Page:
We acknowledge the Wurundjeri people of the Kulin nation as the traditional custodians of this land. We stand in solidarity with their struggles – historical and ongoing – against the violence and repression of the white colonial state. Sovereignty was never ceded.
We live in a hierarchical society. We are part of this society, but a part which wishes to challenge and improve it, starting with our spaces. In designating this event a safer space, we are making an explicit political decision to promote the voices of people who experience oppression so that they feel empowered to participate and feel supported by a radical community. We are not a judge and jury, we are not the cops; but we are a community with shared ideals about the rights of people to be free of oppression.
We would like Camp Anarchy to be an inclusive, anti-authoritarian space. Everyone who attends the event is expected to engage with respect and actively create and enforce the maintenance of a space that contrasts with the oppressive norms of mainstream society. This means actively challenging exclusionary or oppressive behaviour, including but not limited to transphobia, queerphobia, sexism, racism, ableism, whorephobia, ageism, religious vilification and prejudice based on appearance, gender presentation, language ability, migration status, or class. This is no space for violence, for touching people without their consent, or for being creepy and sleazy.
If you’re unsure about what any of the ‘isms’ or other concepts listed above mean, that’s fair enough. If you don’t make an effort to find out, though, and to challenge the indirect (or direct) ways you perpetuate those oppressions, that’s not fair and you risk alienating some people from the space. We all (to varying degrees) reproduce patterns of domination and hierarchy through our behaviours, unless we challenge them and try to find ways to deal with them. We fully encourage people to raise concerns with others who they believe are acting in an oppressive or discriminatory ways. Challenging people’s behaviour can help make our spaces safer and better. If someone does not feel comfortable or that they do not have the skills to do this, they can look to the Camp Anarchy organising collective for support. There will be a no-tolerance policy for sexual or physical violence, persistent harassment, or threats of sexual or physical violence. Anyone violating this may be asked to leave and will not be welcome at the event.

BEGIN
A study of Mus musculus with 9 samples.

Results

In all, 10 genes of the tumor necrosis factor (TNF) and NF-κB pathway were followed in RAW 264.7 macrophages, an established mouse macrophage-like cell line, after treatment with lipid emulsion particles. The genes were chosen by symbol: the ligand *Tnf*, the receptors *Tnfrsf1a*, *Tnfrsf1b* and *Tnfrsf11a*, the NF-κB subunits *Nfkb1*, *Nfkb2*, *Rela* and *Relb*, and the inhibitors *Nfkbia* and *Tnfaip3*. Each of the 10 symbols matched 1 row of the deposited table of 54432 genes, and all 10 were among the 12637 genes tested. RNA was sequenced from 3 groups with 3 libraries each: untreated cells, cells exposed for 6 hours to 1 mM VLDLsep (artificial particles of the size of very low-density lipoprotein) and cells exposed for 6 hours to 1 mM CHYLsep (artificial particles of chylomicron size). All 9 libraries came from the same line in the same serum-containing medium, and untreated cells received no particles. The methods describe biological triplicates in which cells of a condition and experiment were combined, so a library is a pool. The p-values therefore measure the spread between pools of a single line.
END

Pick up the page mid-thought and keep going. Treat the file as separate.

This process is not easy. Please question in advance your capacity to deal with being asked to leave the space if necessary, and how you would react in a progressive way if you or a friend of yours was called out for abusive behaviour.
Alcohol and other drugs are not an excuse for bad behaviour. For this reason we ask that you be aware of your capacity to remain in control of your emotions, actions and reactions when consuming alcohol or other drugs.
Things we all need to do to help create a safer space:
- Respect people’s physical and emotional boundaries. Always get explicit verbal consent before touching someone.
- Respect people’s right to hold their opinions, beliefs, and different points of view.
- Be responsible for your own actions.
- Be aware that your actions do have an effect on others despite what your intentions may be.
- Look out for children and try not to leave anything around that could endanger them.
- Be mindful of how children are interacting with each other (ie bullying dynamics).
- Keep the inside conference spaces and all workshops alcohol, nicotine and drug-free (until evening). And respect designated substance-free spaces at all times.
- Be aware that raising your voice or other aggressive body language may be understood as abusive behaviour by others.
No Tolerance for Violence
Camp Anarchy’s safer spaces policy includes supporting survivors of violence by asking people who have perpetrated sexual or physical violence (including threats and harassment) not to attend this event, or to amend their behaviours at the event (eg not drinking alcohol), at the discretion of those harmed. We see this as a political stance in amplifying the empowerment and inclusion of survivors and challenging an oppressive culture. If you would like to request that a perpetrator of violence or harassment be asked not to attend Camp Anarchy, please contact us at campanarchygrievancecollective[AT]gmail.com.
There may be conflict during the time that we are at this conference and the organisers have designed a basic process for dealing with this. This process is based around the principle that a resolution deemed positive to all parties involved should always be sought first, but that a survivor’s right to feel safe and empowered is the key priority. If any conflict arises that anyone feels cannot be resolved without some help, they should seek the assistance of one or more members of the organising collective. If the harmed person in a conflict (ie. survivor of abuse or harassment) is not satisfied with a proposed resolution, they have the option of taking the issue to the whole conference to make a final decision on what action needs to be taken. In dealing with conflict, the organising collective will be survivor-centred, meaning that the survivor’s rights will always be prioritised.